Ministers this week conceded that MPs needed extra time to scrutinise the HE bill. Paul Hill witnessed the latest Commons deliberations.
The Tories smelt a rat, Labour smelt tripe and one backbencher thought he had caught a whiff of beer and birthday cake.
After eight hours of forensic analysis of clauses about variable tuition fees, MPs on the higher education bill's standing committee seemed in the mood for some junior common room japery this week.
The Tories lobbed the first bun with the thought that there might be sinister motives behind the government's move to give the committee an extra day to debate the bill.
Could it be, asked Tim Collins, that ministers wanted to take the bill back to the floor of the Commons a week later, on March 16, so that it would coincide - and be overshadowed by - Gordon Brown's budget the following day? Surely not?
"It's also the day after the ides of March," chipped in Tory MP for Daventry Tim Boswell, hinting it was perhaps not the most portentous date for the No 10 diary.
Incensed, Graham Allen, Lab-our MP for Nottingham North, took up the challenge but not Boswell's Shakespearian flourish.
The Tories were "talking tripe", he said.
"They have been filibustering and sucking up and absorbing time for debate," Mr Allen said, implying that the Tories had sinister motives of their own. So there.
But this struck an unintended target.
Committee chairman Roger Gale interrupted to observe that "there has been no filibustering as everything has been done with the chairman's approval and is in order".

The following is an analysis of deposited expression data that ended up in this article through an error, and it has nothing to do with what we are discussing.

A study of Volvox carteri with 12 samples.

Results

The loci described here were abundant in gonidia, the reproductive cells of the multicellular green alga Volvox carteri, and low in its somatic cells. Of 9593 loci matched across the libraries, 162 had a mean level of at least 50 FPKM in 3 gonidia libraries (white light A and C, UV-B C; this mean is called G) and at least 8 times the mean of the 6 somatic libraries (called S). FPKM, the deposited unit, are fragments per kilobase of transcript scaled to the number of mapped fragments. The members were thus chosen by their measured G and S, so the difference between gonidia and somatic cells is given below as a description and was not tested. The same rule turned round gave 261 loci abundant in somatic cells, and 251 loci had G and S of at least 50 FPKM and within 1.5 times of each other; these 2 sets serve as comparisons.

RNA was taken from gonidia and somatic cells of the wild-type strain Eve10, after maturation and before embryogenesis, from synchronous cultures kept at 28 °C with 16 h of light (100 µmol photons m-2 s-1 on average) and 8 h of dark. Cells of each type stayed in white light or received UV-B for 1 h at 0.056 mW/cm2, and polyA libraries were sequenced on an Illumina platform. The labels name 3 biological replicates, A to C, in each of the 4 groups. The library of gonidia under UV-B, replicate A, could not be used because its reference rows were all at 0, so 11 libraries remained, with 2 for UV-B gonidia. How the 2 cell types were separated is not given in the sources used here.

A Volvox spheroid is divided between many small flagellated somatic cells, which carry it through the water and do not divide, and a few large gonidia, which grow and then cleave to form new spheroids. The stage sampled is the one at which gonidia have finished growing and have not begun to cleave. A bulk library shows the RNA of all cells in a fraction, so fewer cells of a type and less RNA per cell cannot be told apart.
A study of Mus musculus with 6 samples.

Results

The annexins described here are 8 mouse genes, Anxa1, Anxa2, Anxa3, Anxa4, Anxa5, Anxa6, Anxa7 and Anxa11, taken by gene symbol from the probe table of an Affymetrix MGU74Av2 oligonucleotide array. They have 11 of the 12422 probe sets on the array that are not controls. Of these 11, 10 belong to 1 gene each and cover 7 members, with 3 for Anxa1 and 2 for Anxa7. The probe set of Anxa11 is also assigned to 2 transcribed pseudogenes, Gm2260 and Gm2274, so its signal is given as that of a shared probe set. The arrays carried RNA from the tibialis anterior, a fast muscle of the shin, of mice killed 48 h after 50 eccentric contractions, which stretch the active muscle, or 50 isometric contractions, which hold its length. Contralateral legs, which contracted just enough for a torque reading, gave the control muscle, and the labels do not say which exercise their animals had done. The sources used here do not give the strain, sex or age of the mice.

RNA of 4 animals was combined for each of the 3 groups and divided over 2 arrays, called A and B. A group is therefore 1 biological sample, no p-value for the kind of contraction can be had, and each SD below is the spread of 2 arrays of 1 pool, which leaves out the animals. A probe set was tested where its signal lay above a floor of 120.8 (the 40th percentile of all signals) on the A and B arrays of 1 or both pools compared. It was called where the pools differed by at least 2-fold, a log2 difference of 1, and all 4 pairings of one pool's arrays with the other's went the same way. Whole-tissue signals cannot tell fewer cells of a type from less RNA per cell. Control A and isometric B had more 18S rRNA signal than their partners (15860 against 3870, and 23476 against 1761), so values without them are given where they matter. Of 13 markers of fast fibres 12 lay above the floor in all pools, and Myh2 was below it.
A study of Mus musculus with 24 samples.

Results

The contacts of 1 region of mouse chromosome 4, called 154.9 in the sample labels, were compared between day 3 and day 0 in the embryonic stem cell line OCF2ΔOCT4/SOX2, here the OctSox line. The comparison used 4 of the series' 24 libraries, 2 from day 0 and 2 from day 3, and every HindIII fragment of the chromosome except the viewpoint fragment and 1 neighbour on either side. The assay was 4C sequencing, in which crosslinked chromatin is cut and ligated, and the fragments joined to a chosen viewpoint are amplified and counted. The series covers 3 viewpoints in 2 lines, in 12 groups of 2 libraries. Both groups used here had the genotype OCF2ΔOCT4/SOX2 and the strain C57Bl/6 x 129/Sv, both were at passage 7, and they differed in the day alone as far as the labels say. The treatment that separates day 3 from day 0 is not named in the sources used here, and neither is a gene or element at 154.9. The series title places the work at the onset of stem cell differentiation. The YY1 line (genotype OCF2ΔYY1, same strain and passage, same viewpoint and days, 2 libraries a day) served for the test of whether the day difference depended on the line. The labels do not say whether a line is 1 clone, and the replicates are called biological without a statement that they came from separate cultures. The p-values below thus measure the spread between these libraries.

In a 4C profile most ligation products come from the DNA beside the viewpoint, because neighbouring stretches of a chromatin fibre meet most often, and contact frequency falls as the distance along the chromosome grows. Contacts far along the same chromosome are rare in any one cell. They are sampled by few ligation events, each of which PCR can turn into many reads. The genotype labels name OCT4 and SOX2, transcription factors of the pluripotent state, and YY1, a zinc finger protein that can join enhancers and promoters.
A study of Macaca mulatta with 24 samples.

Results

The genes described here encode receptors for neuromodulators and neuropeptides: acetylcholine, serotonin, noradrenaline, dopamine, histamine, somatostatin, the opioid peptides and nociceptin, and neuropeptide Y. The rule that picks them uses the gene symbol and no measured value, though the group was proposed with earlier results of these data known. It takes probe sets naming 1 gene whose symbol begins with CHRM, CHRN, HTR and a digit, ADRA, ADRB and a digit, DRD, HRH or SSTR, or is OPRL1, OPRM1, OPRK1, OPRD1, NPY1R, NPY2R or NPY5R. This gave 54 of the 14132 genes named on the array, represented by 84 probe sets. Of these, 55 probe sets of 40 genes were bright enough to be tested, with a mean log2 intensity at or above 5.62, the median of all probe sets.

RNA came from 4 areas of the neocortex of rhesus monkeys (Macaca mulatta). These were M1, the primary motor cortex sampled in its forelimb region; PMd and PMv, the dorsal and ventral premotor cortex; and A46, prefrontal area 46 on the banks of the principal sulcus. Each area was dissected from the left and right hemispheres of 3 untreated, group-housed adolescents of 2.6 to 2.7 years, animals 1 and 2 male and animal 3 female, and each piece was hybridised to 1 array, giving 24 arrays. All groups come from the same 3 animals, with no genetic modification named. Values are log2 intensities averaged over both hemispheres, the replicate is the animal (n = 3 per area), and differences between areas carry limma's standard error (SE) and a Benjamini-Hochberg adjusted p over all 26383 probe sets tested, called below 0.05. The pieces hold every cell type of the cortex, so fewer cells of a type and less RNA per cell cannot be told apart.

This, in turn, prompted former teacher Phil Willis, the Liberal Democrat's education spokes-man, to chide the Labour and Tory members for lowering the tone - adopting the pose of a housemaster weighing up whether lines or a detention would suffice.
People would be disappointed when they read the transcript of this section of the debate, Mr Willis said, conjuring up visions of citizens across the land pouring anxiously over Hansard columns on the internet.
For one, James Purnell, Labour MP for Stalybridge and Hyde, was disappointed the committee would not be debating late into the night - bearing in mind it was his 34th birthday and he had nothing better planned... apart from, hint hint, being bought drinks in Stranger's Bar by the other committee members.
Alan Johnson, the minister for higher education, declined the invitation and said he didn't want the "standing committee to be-come a falling down committee".
But not everyone was pleased with the extra day of debate.
Mr Boswell, a junior education minister under John Major, was troubled that he would now have to choose between the higher education bill and participating in debate about the gender recognition bill.
"It means balancing the needs of a small but important minority... against the needs of students," he said.